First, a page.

Maxine Witte is an ardent supporter of the Katy Trail even though, at age 84, her bike riding days are over. That’s why she jumped at the chance to use a new vehicle to explore the scenery of the Missouri River Valley.
Witte sat on the front bench seat of a tram that pulled out of Rhineland City Park on a brilliant fall day on its way 10.9 miles west through Bluffton to Portland on Katy Trail State Park.
Witte, who is from Rhineland, wore a quiet smile and a Katy Trail volunteer sweatshirt as she took in the familiar landmarks. The covered tram, pulled along at 12 mph by a Chevy Tahoe, creaked passed harvested bottomland fields, river bluffs so close you could almost touch them and tidy German farms.
“See that scraggly old tree out there in the field?” Witte said. “We rented a two-story farmhouse by it when we came here in 1953 - paid $20 a month.”
Missouri State Parks has offered fall tours of the Katy Trail for several years, using a tram borrowed from a county electrical cooperative. Thanks to the generosity of a Kansas City couple’s gift targeted for seniors, the private Missouri Parks Association purchased a tram and gave it to the park system this summer.
“The purpose is to get more seniors out to state parks,” said Melanie Smith, Katy Trail coordinator.
Six tours covered different sections of the Katy Trail on Tuesdays through September and October, climaxed by the annual fall color tours on Oct. 26-27. The tours are free, and the tram can hold up to 30 riders.
“We kind of targeted 55 and older for the tram tours,” Smith said. “But we will accommodate anybody who wants to get out on the trail and is not able to ride a bike or walk long distances.”
“We chose Tuesdays because it’s a lower usage day on the trail; you encounter less bicycle and walking traffic. We don’t want to compete with our other users.”
As the tram crossed Quick Creek on a rusted bridge, a passenger asked how the creek got its name.
“It’s named for the family that lived along it,” Witte said.
Expanding the Tram Tours
During Tuesday tram rides, signs are posted at either end that caution walkers and riders to watch for the approaching tram. As it worked out, the bikers and hikers merely moved to the side of the trail, and waved at the seniors on the tram.
At the halfway point – on this ride it was Portland – the passengers disembarked for a short bathroom and water break while the tram turned around for the return trip.
The riders were told to bring cushions for the aluminum seats and sunglasses for the dust. The trip took about two hours, and was offered at 10 a.m. and 1:30 p.m. Reservations were required. Visit katytrailstatepark.com for information on the fall color tours.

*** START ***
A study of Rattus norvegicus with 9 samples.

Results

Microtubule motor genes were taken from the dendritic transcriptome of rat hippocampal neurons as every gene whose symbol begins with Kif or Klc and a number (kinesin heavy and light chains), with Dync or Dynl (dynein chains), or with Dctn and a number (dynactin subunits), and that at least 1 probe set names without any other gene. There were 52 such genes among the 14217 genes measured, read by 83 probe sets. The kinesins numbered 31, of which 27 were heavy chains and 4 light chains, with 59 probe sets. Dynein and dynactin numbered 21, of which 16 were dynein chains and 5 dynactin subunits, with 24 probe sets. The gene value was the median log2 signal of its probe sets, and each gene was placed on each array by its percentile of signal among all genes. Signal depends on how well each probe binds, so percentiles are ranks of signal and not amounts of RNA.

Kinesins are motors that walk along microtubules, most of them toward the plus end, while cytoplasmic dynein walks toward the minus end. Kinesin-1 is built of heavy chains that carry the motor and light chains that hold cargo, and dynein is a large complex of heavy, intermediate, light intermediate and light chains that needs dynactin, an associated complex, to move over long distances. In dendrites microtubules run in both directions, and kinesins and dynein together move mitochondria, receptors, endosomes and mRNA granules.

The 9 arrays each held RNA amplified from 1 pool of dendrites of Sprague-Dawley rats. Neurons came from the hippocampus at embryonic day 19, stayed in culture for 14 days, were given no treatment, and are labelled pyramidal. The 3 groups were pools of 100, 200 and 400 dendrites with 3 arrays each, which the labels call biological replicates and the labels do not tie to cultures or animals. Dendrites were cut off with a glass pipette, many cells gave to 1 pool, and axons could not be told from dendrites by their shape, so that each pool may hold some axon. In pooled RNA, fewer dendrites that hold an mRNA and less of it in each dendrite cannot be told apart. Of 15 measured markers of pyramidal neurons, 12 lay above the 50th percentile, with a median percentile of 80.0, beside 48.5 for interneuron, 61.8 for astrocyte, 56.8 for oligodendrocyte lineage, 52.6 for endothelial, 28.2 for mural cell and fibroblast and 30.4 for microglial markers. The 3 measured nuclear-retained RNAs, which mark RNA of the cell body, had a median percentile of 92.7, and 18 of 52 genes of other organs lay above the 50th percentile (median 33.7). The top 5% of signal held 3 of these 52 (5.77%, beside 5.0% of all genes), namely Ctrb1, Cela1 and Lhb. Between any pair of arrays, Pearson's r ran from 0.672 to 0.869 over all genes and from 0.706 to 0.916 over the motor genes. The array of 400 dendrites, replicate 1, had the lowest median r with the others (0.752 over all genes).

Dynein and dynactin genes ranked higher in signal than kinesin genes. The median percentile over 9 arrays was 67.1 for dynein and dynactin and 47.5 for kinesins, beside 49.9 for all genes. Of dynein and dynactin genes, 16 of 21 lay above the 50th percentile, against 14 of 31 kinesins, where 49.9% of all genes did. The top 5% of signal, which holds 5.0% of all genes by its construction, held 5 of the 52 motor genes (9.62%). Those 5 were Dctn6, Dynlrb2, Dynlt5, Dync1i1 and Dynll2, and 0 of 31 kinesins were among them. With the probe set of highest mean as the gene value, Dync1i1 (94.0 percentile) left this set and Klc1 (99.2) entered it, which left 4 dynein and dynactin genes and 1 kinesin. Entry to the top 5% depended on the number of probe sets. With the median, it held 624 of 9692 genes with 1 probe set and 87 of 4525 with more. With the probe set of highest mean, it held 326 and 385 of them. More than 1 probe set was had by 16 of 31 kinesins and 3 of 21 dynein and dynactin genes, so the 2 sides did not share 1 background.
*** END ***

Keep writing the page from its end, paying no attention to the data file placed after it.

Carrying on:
Now that the parks system has its own tram, Smith said, its list of scheduled adventures will be expanded.
“It may be used for Tuesday tours in the spring, it could be eagle watching along the trail this winter,” she said. “There are a lot of possibilities.
“The reaction has been wonderful. It allows people to still enjoy the same places they’ve always enjoyed.”
History Along the Way
Megan Kelly, an employee of state parks, sat up front on the tram with a microphone and gave a rolling history lesson. She talked about the churches and businesses along the way, the development of the trail and the history of the small railroad towns.
As the tram pulled out of Rhineland, Kelly noted that the town was flooded four times during the Great Flood of 1993. The village’s 157 residents decided to move their homes from the bottoms to the bluffs. Thirty-two of the town’s 52 homes were picked up and hauled out of harm’s way.
Witte and her family already lived on the higher ground.
“Yep, I saw it all through my kitchen window,” Witte said. “Everybody would say, ‘Here comes another house’.”
Kelly told the passengers that the linear Katy Trail State Park now stretched 240 miles, from Machens on the east to Clinton on the west. The flat, gravel trail follows a route abandoned by the Missouri-Kansas-Texas Railroad, and is the country’s longest rails-to-trails project.
The Flood of 1993 delayed development of the trail, and it was opened from St. Charles to Sedalia in 1996. In the 25 years since, the trees along the trail have grown to form a green canopy of sun-dappled shade.
“I was one of the few people in favor of it in the early days,” Witte said. “I stood still and kept my mouth shut. Now, everybody loves it. I always have to visit with the bikers. Last week, I met a couple from British Columbia.”
Witte brought a few of her lady friends on the tram ride, including one who has failing vision.
“See that white-haired lady; she can barely see,” Witte said. “But she told me she enjoyed coming out and listening to the wind rustling the tree leaves. She said it reminds her of fall.”